Prohibition Nearly Killed Rye
Prohibition hurt all American spirit producers, but the effect on rye was particularly devastating. As everyone knows, Prohibition did little to stop Americans from drinking. However, it did influence what they drank.
Bootleggers smuggled in whiskey from Canada that had a softer profile than American rye whiskey. Americans didn’t fully turn their backs on bold flavor profiles—they were still drinking bathtub gin and moonshine at the time. Medicinal bourbon was also available with a prescription and would emerge as the dominant style of American whiskey following the repeal of Prohibition.
Rye’s bold and spicy flavor was no longer what American drinkers expected from whiskey. Once-mighty rye whiskey was on the decline, but it wasn’t about to disappear.
Bartenders Carry the Torch
Even at rye’s lowest point in the middle of the 20th century, many bartenders insisted on keeping a bottle of rye handy for making Manhattans or their own signature creations. These bartenders advocated for rye for the same reason it fell out of favor: its uniquely bold character.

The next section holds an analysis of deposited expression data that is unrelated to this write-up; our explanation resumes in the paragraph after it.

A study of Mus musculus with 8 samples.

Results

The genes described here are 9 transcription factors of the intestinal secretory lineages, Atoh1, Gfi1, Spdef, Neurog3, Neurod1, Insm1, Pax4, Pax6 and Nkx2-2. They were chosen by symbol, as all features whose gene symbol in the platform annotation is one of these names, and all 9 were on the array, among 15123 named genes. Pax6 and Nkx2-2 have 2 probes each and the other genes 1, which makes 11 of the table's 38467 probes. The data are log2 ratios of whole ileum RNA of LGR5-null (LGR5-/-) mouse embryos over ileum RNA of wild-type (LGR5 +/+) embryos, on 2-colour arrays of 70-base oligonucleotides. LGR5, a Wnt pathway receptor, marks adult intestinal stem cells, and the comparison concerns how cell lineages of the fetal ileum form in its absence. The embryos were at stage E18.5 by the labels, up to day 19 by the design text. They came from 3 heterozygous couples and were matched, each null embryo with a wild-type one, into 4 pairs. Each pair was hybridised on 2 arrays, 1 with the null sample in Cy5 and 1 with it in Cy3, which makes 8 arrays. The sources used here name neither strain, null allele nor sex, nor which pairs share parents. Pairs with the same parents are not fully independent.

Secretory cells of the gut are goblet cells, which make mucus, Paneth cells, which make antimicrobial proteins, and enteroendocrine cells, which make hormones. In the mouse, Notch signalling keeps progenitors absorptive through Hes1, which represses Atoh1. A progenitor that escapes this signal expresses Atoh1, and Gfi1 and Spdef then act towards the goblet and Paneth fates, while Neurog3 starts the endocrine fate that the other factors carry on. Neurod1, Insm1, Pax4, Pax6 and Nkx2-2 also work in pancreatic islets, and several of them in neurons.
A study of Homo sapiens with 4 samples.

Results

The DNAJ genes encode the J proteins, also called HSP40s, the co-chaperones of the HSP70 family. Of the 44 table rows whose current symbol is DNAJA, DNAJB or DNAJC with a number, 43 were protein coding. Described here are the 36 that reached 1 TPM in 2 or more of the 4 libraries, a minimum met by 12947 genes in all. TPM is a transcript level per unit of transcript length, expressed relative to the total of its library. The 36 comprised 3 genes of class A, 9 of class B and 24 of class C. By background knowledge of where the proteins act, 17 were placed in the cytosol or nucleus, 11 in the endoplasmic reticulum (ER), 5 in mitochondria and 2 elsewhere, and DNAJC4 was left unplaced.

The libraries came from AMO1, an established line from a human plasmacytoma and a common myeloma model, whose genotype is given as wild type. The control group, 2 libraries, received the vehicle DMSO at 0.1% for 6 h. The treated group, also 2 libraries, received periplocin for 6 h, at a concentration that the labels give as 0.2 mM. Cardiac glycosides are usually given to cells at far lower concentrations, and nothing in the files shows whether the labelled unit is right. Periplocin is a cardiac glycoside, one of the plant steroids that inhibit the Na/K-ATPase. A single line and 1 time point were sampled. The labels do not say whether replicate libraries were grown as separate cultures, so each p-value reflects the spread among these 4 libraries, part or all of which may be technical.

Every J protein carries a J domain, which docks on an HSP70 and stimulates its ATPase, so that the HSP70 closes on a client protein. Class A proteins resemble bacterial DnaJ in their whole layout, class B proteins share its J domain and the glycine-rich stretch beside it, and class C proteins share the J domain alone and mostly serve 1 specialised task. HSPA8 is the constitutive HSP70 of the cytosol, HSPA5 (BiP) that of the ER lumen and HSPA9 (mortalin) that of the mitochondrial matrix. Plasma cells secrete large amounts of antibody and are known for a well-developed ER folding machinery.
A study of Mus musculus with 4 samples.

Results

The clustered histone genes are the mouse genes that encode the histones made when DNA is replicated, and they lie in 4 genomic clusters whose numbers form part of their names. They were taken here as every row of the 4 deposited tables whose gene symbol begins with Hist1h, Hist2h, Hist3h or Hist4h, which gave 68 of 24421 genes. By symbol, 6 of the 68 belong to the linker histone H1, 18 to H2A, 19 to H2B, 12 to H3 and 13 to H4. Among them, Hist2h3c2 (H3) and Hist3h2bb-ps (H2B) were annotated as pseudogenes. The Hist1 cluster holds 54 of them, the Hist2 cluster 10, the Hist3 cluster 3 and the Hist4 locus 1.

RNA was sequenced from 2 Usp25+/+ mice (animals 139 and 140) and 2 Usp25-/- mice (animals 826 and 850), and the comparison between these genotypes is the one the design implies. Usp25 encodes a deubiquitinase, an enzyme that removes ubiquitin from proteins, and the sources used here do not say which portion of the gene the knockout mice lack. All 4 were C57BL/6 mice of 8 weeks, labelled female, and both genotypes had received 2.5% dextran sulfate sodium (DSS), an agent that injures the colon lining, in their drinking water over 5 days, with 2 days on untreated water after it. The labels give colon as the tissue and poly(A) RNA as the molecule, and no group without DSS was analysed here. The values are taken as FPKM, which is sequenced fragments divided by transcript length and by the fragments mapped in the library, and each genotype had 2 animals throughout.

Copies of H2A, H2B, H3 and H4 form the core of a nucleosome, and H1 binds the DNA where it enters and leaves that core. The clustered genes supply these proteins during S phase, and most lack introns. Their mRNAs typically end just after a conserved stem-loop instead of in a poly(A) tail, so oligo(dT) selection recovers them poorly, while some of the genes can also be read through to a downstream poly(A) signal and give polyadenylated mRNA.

Rye is a great base for cocktails due to its complex flavor profile, featuring herbaceous, fruit and spice-driven characteristics. The dry nature of American rye whiskey brings balance to sweet and refreshing cocktails while also being able to stand up in more spirit-forward cocktails like the Old Fashioned and Manhattan. The truly bold can also enjoy rye neat or on the rocks.
Bartenders who researched the original builds of many classic cocktails and appreciated the character of American rye whiskey in other recipes kept rye from being lost to history. They may not have realized it at the time, but they were also setting the stage for the rye revival.